The task of searching for wandering or lost individuals with Alzheimer’s, autism, Down syndrome, dementia or other cognitive conditions is a growing and serious responsibility.

Without effective procedures and equipment, searches can involve multiple agencies, hundreds of officers, countless man hours and thousands of dollars. More importantly, because time is of the essence, every minute lost increases the risk of a tragic outcome.

There is a program available that helps greatly aid in the efficient and timely location of individuals who have wandered off and may need prompt medical attention. That program is called “Project Lifesaver.”

Project Lifesaver International was founded in 1999 by public safety officers themselves to bring about a solution that facilitates the rapid location of wanderers — a strategy that greatly increases the chance that the wanderer will be found alive.

Currently, over 1,400 agencies and groups in 48 states, Australia, and six provinces in Canada participate in the program—police, sheriff, fire, and other emergency responders and departments. The method relies on proven radio technology and a specially trained search and rescue team.

Citizens enrolled in Project Lifesaver wear a small transmitter that emits an individualized tracking signal. When caregivers notify a local Project Lifesaver agency that the person is missing, a trained team responds to the wanderer’s area and starts searching with a mobile locater tracking system.

Most who wander are found within a few miles from home, in approximately 30 minutes.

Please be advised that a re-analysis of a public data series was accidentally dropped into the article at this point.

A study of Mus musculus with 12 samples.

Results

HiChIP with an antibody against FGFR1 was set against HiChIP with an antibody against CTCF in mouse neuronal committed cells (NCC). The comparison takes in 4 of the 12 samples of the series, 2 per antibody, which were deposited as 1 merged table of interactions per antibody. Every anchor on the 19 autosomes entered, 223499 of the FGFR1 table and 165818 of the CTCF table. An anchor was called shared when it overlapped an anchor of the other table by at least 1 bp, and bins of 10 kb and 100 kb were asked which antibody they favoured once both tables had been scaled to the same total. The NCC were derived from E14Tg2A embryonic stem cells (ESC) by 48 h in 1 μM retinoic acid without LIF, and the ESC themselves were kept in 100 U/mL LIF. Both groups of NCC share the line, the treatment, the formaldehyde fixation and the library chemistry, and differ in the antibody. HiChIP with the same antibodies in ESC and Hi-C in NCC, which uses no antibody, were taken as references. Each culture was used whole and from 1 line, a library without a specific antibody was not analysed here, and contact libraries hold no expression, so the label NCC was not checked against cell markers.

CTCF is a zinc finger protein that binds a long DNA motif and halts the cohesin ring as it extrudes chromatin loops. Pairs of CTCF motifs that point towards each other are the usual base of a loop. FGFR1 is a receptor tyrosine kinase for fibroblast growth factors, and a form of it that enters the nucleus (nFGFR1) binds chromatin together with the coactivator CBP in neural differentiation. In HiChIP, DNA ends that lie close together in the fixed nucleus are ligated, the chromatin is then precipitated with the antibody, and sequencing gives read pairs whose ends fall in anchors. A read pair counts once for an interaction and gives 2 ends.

Working hand in hand with trained law enforcement and other public safety agencies, Project Lifesaver saves time, money, resources, but most of all, SAVES LIVES. Project Lifesaver agencies have had 3,700 successful rescues

since the program’s inception, and the average rescue time is approximately 30 minutes.

Project Lifesaver International provides in-depth training for law enforcement and other public safety agencies on the use of specialized electronic search and rescue equipment, technology and procedures, as well as teaching rescuers how to communicate with people afflicted with cognitive conditions, all of which are essential to the successful rescue of missing persons who wander or otherwise become lost. They certify search and rescue personnel and provide ongoing management to participating agencies.

In addition, Project Lifesaver develops public outreach programs to educate others about the issue of wandering, and they constantly work toward developing public policy and effective law enforcement response to help save lives and “bring loved ones home.”

Officials at Hope Enterprises are very enthusiastic about the Project Life Saver program.

“Hope Enterprises, Inc. has been proud to support Project Lifesaver throughout the years. Please visit our website for more specifics regarding the roles and responsibilities of Hope at this time, Emily Cammerer, Director of Community Outreach and Administrative Services for Hope Enterprises, told Webb Weekly.

She continued, “Over the past year, we have identified issues with the referral process flow. Specifically, with defining all community access points, caseload capacity and a growth strategy for Project Lifesaver. We are currently working with our community partners to clarify roles.

“Regardless, we anticipate and welcome the receiving of fundraising dollars through the Hope Foundation. All donations should be made to the Hope Foundation with a restricted intent to Project Lifesaver. These funds will be used to continue the daily operations of Project Lifesaver at the law enforcement level.”